Bringing out Inquiry: How?

New year. New students. Changed land in Bangladesh. Lots of security. WordPress is blocked so I’m in Thailand typing.

We are off to a smoother start in the classroom, and at times I have inklings that this could be one of my favorite classes ever. However, I have a burning question: How do I encourage all students to be inquirers?

This year I’m starting off with a few really strong, active inquirers. Last year I started with none so that was a different challenge altogether. We have a lot of inconsistent teaching at our school (especially in regards to inquiry) and a controlled culture and so I’ve noticed that coming into 5th grade, students need a lot of encouragement to actively participate and take responsibility for their learning.

What I’m noticing this year is that now the strong few are taking over the rest of them. They ask the questions; they control the learning. They move things forward. I can see that with one of them, at least, this has been par for the course for at least the last several years.

As a result the students who have been with those strong ones have sat back and let things flow. Most of the students at our school have been together since early years. Patterns develop and things move along and suddenly they are in 5th grade and have never taken charge of their own learning.

At the beginning of the year when I started asking questions I noticed this. I quickly got them into learning partners, always do think, pair, share. I draw names randomly with sticks. It’s helping some.

But I’m still wondering how to bring them out more. One of the strong ones, a girl, has quickly caught on that I’m not going to call on her much of the time. She’s relieved when finally her stick is drawn. She has good ideas and needs challenge. I don’t want to hurt her in the process of bringing out the others.

So what to do? In looking back at teaching I’ve realized I’ve always had some strong ones that often drive discussion. However the difference between those few and the rest of the class wasn’t as stark as this year. Most of my kids are not used to thinking for themselves, taking control of themselves. They have maids, drivers, and they’ve had a lot of direct instruction. Now I’m noticing that they have had others students to take care of them too.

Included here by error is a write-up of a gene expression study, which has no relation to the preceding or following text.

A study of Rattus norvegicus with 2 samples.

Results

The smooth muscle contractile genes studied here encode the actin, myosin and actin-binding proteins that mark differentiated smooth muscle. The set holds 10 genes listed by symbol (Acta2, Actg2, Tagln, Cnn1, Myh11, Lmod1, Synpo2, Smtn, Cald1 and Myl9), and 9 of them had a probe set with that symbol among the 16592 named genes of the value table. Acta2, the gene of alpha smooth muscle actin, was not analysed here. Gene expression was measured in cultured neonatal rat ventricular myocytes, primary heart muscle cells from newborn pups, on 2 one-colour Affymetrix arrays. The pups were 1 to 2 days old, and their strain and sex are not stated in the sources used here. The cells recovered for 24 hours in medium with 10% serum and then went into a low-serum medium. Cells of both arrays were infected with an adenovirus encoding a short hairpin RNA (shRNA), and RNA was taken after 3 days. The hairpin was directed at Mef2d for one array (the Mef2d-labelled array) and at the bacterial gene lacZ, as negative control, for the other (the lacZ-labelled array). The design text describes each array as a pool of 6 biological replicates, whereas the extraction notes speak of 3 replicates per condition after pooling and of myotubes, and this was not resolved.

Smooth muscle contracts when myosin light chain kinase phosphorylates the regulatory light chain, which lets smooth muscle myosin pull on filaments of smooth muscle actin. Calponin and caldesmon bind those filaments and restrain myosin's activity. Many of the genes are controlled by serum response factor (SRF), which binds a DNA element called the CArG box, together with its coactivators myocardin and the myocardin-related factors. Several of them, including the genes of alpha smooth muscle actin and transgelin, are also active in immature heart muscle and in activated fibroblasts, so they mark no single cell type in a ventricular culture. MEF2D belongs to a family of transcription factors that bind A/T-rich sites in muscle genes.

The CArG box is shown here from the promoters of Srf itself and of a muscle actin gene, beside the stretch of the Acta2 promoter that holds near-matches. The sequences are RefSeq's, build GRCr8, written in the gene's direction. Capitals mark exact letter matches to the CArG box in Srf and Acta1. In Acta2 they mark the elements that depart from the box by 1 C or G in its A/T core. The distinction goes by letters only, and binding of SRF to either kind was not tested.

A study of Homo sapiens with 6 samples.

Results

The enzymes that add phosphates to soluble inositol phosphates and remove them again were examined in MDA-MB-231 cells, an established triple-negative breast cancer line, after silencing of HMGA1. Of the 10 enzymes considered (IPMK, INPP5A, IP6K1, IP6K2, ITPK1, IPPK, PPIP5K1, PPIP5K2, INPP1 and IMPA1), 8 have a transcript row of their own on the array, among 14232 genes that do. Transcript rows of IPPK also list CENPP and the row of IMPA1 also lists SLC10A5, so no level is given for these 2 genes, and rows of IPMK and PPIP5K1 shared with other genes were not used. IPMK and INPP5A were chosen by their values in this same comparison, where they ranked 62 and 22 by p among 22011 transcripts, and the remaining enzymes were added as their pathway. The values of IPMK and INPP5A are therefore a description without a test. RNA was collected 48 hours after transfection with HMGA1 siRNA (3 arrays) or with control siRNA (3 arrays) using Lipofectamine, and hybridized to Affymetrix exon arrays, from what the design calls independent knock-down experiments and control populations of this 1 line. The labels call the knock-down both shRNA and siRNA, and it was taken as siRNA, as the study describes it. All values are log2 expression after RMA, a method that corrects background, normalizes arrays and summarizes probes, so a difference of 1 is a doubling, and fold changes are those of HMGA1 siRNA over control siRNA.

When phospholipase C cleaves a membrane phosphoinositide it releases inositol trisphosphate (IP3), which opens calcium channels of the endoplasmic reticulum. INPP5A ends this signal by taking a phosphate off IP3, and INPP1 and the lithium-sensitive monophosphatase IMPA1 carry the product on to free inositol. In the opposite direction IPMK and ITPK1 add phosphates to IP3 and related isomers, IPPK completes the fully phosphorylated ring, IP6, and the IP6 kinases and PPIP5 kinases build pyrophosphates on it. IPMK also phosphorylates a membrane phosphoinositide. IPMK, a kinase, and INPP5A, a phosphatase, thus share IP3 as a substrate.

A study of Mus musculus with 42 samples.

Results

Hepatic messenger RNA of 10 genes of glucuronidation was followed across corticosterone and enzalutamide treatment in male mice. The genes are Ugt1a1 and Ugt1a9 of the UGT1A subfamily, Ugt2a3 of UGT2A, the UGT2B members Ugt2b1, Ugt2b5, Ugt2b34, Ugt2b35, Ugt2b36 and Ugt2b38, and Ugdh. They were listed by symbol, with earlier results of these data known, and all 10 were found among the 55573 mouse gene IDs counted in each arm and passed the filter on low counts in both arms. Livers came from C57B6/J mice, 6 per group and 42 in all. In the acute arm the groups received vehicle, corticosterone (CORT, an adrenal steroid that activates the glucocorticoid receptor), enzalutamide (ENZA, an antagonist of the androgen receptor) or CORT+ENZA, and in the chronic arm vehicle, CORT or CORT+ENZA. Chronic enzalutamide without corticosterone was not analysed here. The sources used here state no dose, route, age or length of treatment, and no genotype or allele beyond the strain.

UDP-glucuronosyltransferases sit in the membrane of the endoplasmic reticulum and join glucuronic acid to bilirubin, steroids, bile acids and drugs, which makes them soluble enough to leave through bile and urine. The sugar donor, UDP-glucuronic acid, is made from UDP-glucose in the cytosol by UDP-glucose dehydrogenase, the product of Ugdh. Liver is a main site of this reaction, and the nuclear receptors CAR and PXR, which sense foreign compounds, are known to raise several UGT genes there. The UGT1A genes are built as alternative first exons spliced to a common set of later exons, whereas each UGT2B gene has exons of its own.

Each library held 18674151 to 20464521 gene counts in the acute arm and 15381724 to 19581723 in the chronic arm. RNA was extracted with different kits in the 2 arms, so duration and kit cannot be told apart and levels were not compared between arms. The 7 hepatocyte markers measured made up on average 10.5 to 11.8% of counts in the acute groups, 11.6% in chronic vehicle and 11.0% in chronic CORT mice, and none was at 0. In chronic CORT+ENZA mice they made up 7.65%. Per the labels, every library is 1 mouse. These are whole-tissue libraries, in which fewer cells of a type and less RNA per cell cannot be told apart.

I want all of my students to take responsibility for their learning and to actively engage in it. How do I encourage all of them and still honor the king and queen bees? I’m inquiring and would love to hear your thoughts.


3 thoughts on “Bringing out Inquiry: How?

  1. I’m sure lots of us can relate to this situation. I think your comment about students in many international schools having people take care of them is really key. Thinking is hard work! And so often, there are people out there to do it for you. I don’t have many ideas for you but would encourage you to try the Question Formulation Technique (Right Question Institute) and maybe instead of working in teams, students are paired up or do this as individuals as well. Would love to hear how it goes. Keep writing and thank you for sharing!

  2. First of all, I am sure that your class is driven by a wealth of opportunity for all to inquire – it is just who you are that that would be so. But you are asking, so I am offering ideas. My first thought: Do you use the phrase “How might we…?” The “we” part implies you are speaking to everyone and while you want each person to have ideas, the whole group is at stake. Secondly, let your go-getters go. When I spoke at the ADE institute last year, I shared my thinking on Swamp Dwellers, Fence Sitters, and Go-Getters. My experience has been to let the go-getters go and get! If they are solid with the tools of inquiry, let them inquire! The fence sitters will either observe and stay on the fence or observe and jump off to go too. Then you can pull the swamp dwellers out of their non-inquiry mud and at least get them to the fence but hopefully beyond. Sometimes it pays to focus the energy on the go getters although in your case it sounds like this has been done exclusively. What happens to these kids when they are not the centre of the teacher’s world? When they are left to their own devices? Do they really have the inquiry skills? If so, let them have at it. If not (but they have the enthusiasm) can you aim for the highest common denominator and pitch things at their level in the hope others will rise? I feel like everything I am saying is going to be something you have tried. I guess ultimately you want to make being involved a greater pull than NOT being involved.